PensionsDec 16 2015

Care cost indecision blamed on information overload: IFoA


The government’s system of funding care is too complex and it is difficult for people to understand how much it is likely to cost, according to a report by the Institute and Faculty of Actuaries.

The report looked into the care funding reforms which will be implemented in 2020.

It looked at three case studies to highlight the large amount of information which would need to be considered, including the means testing thresholds, housing arrangements and pensions.

The report recommended a national awareness-raising campaign in a bid to help people understand what their potential care costs might be as well as highlighting what state support is available.

Thomas Kenny, chairman of the products research group of the pensions and long term care working party which produced the report, said: “As life expectancy has been increasing, unfortunately healthy life expectancy has not kept up. It is estimated that 25 per cent of men and 35 per cent of women aged 65 today are likely to need care at some point in their lives.

“We believe that it is in the public interest that people have access to information to enable them to understand the extent of their potential future care costs and to help them make informed choices now to avoid making funding decisions at the point of crisis. Both Government and industry have a role to play here.”

Since April, local authorities have had new legal duties relating to their provision of long-term care.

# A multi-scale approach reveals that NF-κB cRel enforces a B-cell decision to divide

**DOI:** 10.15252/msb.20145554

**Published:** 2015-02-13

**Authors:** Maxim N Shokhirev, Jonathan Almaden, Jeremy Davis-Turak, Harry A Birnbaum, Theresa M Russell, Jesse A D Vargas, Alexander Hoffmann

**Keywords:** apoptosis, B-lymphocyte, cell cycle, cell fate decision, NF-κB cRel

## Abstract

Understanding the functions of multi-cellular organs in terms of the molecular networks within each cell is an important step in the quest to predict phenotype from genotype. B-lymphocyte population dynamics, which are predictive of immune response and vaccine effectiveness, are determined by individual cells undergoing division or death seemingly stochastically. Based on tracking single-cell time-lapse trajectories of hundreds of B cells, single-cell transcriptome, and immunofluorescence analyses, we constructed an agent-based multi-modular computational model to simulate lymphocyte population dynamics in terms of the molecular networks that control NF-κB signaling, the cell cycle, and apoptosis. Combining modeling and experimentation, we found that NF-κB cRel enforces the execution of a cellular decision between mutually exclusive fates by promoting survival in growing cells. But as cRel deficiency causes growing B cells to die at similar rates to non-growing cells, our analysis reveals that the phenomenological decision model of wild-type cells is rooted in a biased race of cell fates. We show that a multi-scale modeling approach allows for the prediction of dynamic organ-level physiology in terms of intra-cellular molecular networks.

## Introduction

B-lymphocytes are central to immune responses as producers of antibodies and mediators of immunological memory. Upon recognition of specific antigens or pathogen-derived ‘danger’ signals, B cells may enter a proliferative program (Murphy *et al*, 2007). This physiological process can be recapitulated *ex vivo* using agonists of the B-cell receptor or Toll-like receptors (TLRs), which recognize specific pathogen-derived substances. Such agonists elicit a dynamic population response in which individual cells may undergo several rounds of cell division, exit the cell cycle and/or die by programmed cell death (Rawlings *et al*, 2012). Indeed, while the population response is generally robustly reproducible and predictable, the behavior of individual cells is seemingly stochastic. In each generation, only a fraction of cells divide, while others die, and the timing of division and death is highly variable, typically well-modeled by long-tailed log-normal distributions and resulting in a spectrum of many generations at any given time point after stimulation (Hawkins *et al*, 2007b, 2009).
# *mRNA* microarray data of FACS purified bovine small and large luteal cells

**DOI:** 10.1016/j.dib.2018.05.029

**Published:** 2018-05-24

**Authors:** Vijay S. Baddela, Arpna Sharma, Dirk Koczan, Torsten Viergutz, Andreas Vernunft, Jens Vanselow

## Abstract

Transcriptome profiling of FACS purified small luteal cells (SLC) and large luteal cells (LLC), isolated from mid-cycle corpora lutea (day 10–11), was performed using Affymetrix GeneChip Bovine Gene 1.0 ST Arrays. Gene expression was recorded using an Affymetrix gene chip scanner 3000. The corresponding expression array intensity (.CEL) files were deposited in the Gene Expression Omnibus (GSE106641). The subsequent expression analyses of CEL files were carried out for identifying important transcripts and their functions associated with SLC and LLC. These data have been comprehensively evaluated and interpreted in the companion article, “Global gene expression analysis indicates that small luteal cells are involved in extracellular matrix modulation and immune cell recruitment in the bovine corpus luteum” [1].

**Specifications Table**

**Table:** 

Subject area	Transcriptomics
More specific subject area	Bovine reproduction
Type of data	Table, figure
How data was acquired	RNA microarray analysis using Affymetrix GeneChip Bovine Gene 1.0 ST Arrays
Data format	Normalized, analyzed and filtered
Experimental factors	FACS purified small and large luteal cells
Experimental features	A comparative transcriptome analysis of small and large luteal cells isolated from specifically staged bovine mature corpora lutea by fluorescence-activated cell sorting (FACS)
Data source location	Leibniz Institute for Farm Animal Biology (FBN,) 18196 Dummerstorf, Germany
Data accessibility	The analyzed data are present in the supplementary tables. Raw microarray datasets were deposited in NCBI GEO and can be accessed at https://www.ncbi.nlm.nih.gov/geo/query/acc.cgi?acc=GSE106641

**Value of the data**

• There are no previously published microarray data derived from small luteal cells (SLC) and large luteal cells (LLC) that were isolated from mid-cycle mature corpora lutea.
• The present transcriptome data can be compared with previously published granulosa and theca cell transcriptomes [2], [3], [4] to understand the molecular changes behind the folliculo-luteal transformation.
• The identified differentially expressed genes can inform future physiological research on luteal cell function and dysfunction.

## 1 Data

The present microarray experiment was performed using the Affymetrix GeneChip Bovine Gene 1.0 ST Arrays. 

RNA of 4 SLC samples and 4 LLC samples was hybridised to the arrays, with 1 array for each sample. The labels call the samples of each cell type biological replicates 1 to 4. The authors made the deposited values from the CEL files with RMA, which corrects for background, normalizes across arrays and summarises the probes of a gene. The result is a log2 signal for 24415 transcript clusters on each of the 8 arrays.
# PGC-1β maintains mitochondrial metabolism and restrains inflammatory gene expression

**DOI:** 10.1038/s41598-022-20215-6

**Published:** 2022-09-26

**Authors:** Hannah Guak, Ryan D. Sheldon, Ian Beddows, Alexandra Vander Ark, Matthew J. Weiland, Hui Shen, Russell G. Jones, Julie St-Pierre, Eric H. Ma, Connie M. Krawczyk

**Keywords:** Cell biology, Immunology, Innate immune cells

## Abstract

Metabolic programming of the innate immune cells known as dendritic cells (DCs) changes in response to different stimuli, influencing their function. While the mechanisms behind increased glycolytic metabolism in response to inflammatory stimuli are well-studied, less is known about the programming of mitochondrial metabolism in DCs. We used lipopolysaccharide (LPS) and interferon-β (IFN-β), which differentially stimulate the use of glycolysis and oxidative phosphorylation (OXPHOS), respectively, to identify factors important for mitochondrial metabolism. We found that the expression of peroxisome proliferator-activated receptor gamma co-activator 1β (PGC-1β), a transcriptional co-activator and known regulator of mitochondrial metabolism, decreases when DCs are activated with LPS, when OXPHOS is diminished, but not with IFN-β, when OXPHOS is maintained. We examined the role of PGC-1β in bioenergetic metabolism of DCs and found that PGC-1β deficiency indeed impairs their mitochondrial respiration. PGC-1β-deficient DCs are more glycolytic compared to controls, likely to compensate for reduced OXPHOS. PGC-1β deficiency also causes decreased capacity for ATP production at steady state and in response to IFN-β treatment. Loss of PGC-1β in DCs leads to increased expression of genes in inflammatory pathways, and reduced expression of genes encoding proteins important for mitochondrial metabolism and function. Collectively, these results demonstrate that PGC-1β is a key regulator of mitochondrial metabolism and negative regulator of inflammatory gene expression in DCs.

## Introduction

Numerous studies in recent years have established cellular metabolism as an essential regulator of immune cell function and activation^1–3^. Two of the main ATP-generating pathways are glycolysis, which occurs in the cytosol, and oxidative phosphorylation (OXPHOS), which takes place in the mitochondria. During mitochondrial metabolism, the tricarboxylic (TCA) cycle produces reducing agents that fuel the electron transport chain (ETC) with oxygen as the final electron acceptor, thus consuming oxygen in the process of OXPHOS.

This includes pointing people in the direction of financial advice if it is needed as well as changing how local authorities determine who is eligible for support.

The IFoA report also found the means testing rules act as a disincentive to save for long-term care because when the thresholds increase in 2020 it will mean 50p of every additional £1 saved will be taken away to fund a person’s care.

To tackle this the report suggests allowing some form of saving to be exempt from means testing, up to a specified threshold.

Jim Boyd, corporate affairs director at Partnership, said: “Navigating the care funding system can be complex but the report clearly highlights that in order to encourage people to make provision for themselves, we need to understand, educate and incentivise.

“Education is also key as our Care Index shows that most over-45s have not thought about care or spoken to their families about it.

“This lack of engagement means that when someone does go into care they are often financially and emotionally unprepared.”